A Republican State Senator in Colorado, speaking at a hearing on the causes of poverty, suggested that African-American poverty is related to health problems that come from eating too much delicious chicken and barbecue.
Vicki Marble, who represents Fort Collins, Colo., in a meeting of the Economic Opportunity Poverty Reduction Task Force in Denver. Her remarks, described by a local TV station as a “long soliloquy,” came in response to statistics presented at the meeting showing racial and ethnic differences in poverty rates.
“When you look at life expectancy, there are problems in the black race,” Marble opined. “Sickle-cell anemia is something that comes up, diabetes is something that’s prevalent in the genetic makeup and you just can’t help it.”
She then went on to tell the stunned gathering, “Although I’ve got to say, I’ve never had better BBQ and better chicken and ate better in my life than when you go down south and you — I love it.”
Her comments drew audible gasps from those present. Marble (pictured, standing) went on the critique the health habits of Mexican immigrants, saying that while Mexicans in their native country eat plenty of fresh vegetables, they forgo their healthy dining habits when they arrive in the United States.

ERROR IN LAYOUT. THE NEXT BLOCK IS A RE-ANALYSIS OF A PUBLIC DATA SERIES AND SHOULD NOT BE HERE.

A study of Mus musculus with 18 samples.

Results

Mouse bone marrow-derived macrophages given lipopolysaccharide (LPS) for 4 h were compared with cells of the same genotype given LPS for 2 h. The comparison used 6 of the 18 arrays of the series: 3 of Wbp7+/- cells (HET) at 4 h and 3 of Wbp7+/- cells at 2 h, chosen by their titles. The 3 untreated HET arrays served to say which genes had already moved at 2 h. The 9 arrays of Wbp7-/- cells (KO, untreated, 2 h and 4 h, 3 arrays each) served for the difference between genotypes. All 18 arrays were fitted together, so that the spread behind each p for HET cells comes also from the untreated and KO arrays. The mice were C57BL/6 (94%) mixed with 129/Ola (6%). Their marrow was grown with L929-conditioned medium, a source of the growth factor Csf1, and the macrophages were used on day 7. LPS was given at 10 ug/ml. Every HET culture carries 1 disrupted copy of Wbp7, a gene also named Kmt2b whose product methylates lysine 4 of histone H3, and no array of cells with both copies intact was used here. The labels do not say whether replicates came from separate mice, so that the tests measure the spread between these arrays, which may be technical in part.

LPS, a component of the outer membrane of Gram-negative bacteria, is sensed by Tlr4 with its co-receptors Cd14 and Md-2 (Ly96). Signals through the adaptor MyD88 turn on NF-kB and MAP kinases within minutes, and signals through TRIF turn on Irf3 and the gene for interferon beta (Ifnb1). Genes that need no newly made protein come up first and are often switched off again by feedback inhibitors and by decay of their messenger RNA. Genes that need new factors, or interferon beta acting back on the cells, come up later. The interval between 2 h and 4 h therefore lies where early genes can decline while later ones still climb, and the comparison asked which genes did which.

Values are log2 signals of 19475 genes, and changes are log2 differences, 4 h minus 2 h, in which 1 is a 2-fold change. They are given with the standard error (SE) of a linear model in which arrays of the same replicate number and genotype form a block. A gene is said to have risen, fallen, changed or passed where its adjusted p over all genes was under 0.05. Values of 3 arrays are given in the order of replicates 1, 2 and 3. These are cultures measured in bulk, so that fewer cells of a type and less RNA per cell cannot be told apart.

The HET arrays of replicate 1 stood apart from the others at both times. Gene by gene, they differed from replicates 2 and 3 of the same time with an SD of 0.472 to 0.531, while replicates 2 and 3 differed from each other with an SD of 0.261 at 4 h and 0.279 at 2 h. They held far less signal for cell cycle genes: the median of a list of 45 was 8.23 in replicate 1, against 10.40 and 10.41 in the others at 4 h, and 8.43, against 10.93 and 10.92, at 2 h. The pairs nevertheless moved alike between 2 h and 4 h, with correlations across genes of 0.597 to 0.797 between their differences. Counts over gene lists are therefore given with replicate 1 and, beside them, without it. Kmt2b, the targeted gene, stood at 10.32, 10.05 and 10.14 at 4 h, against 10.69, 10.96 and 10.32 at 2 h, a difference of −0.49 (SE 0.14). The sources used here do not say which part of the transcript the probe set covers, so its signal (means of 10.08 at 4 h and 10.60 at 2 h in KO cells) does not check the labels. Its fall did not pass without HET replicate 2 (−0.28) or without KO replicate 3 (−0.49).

“These things aren’t good for you,” she continued. “There’s so many attributing factors as to why these graphs look the way they do.”
In fact, Mexico suffers higher obesity rates than the U.S.
“I was highly offended by your remarks,” responded task force member Rep. Rhonda Fields, a Democrat. “I will not engage in a dialogue where... you are using these stereotyped references about African American and chicken and food… this is not what this committee is all about… it’s not about chicken.”
After the exchange, the committee’s chairman called for a break to “catch our breath.”
Marble later put out a statement saying that her remarks were not intended to be disparaging, saying she was “saddened” that they were taken that way.